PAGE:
Hollywood's latest infatuation is baseball. The game's been around for, oh, more than a century, but Hollywood seems to have noticed it suddenly like it was just invented. In recent years, there has been "The Natural," "Eight Men Out," "Bull Durham" and "Feeling Home" (even "Naked Gun" had a big baseball scene). Now, at a theater near you, you can see "Major League" and "Field of Dreams."No doubt the success of "The Natural" and "Bull Durham" had much to do with America's pastime parading to the big screen. More importantly for movie goers and sports fans, all of the recent baseball movies, curiously enough, have been critical successes, as well, and "Major League" and "Field of Dreams" are no exceptions. Already they are receiving rave reviews. All of which means there could be more baseball movies in the future.

There are basically two types of baseball movies: 1) those that are about baseball - "Bull Durham," for instance; 2) and those which really aren't about baseball, but merely use the sport as a vehicle for a much grander plot - "Feeling Home" and, to a great extent, "The Natural."

"Major League" fits into category No. 1; "Field of Dreams" belongs in category No. 2.

"Major League" is the adult version of "The Bad News Bears" - or, if you prefer, Rocky Goes to the Ballpark. It's predictable from the first pitch, but it is nevertheless entertaining and very funny, and, like "Rocky," you get sucked into cheering for exactly what you know will happen.

The film - which sports a major league cast of Charlie Sheen, Tom Berenger, Corbin Bernsen and Bob Uecker - is about an odd collection of raw players nobody else wants. They are hired by the new Cleveland Indians owner, who is trying to keep the team in the cellar so she can move the franchise to Florida.

Well, guess what happens.

The movie gets sidetracked occasionally by the obligatory romance, which in this case is fairly ridiculous (ex-swimming-champ-turned-beautiful-librarian junks wealthy fiance to return to the ex-beau she hasn't seen in years after he wins her heart by reading Moby Dick - the comic book version). Fortunately, back on the diamond, the action is more believable.

The actors make credible baseball players, although all the great camera angles in the world couldn't help actor Chelcie Ross, who plays the starting pitcher even though he pitches like your aunt Gladys at the family reunion. Not so with Sheen, the Wild Thing of a pitcher.

Sheen can really throw. A high school pitcher, Sheen spent four summers at a youth baseball camp and might well have wound up as a college pitcher - he was offered a scholarship - if not for his habit of skipping class for long periods of time. He was finally kicked off the team.

"I had no speed, no stick, no glove," recalls Sheen, philosophically. "All I could do was throw."

Apparently he still can. During production on "Major League," Sheen's fastball was clocked at nearly 85 miles per hour.

The film's producers went to some effort to ensure that the actors would play like players. The cast played baseball together for two weeks before filming began. The pitchers and catchers of course reported several weeks earlier, and were tutored by Steve Yeager, the former Dodger catcher who also appears in the movie.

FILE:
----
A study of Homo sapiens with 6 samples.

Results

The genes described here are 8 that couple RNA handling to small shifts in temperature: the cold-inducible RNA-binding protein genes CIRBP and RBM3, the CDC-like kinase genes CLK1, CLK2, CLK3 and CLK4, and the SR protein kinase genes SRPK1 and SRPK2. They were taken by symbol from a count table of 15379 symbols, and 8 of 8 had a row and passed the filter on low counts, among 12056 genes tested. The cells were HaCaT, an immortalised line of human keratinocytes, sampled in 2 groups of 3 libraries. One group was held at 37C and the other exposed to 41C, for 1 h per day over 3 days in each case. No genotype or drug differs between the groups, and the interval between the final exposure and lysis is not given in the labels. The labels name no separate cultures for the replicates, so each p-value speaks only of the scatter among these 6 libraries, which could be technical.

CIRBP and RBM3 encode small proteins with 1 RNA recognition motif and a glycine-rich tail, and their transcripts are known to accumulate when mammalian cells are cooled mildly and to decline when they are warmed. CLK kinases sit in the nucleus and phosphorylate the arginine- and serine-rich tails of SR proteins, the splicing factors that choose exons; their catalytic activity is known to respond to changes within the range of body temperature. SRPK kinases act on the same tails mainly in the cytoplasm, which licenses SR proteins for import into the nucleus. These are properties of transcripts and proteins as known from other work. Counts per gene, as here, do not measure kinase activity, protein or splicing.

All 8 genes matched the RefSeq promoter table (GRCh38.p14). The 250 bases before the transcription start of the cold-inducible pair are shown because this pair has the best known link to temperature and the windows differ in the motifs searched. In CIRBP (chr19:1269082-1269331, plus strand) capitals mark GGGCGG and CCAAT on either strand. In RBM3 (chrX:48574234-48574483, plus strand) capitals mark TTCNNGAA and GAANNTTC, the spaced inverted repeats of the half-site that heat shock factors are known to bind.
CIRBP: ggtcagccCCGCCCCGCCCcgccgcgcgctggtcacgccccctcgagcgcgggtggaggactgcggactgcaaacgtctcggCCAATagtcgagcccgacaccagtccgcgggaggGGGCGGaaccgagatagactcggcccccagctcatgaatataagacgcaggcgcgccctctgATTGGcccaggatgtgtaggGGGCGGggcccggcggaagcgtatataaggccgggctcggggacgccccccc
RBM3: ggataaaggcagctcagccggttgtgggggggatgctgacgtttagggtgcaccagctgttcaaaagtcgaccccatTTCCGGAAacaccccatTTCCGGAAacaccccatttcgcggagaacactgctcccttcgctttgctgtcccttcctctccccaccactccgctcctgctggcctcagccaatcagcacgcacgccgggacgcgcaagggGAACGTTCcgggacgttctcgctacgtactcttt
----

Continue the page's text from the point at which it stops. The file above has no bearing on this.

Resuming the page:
"We worked with Charlie as though he was a short man (reliever), having him throw 15 to 20 minutes every third day," said Yeager. "After a couple of weeks he was ready to throw batting practice against the (minor league) Savannah Cardinals." Yeager also had to prepare Bergenger for long stints in a catcher's crouch. Bergenger moves like Bill Buckner, but he can swing a bat and catch. Bernsen looks legit as an infielder.

In the end, the unlikely Bad News Indians procede to . . . well, you know. We never see the World Series, however. Hmmm, sounds like "Major League II."

"Field of Dreams" sounds crazy to describe - an Iowa farmer who dresses like Ralph Lauren is weeding the cornfield one day when he hears a voice telling him to mow down his crop and build a baseball diamond. "If you build it, he will come," the voice says, without mention of farm subsidies or anything like that. Well, heck with it, Kevin Costner, back for his second baseball movie, decides to do something "completely illogical," and, bingo, Shoeless Joe Jackson and the rest of the scandalous 1919 Black Sox turn up, back from the dead.

What unfolds is a beautiful, magical, gentle fantasy that might well prove to be one of the year's best films. "Field of Dreams" is about second chances, reconciliation, dreams, life, fathers and sons, nostalgia. It dares to be sentimental.

Eventually, Costner is led to a former radical '60s writer (James Earl Jones), an aging former ballplayer (Burt Lancaster), and, in the film's most poignant moment, a meeting with . . . well, you'll see.

Along the way, the film uses baseball and the special feeling many have for the game as a way to unite all of the above elements, particularly as a tie to a more innocent and simple past. The smell of a leather glove, the feel of a bat, the acres of green grass. Shoeless Joe takes it all in and asks, "Is this heaven?" No, it's Iowa, and it's a "Field of Dreams" that is a must-see.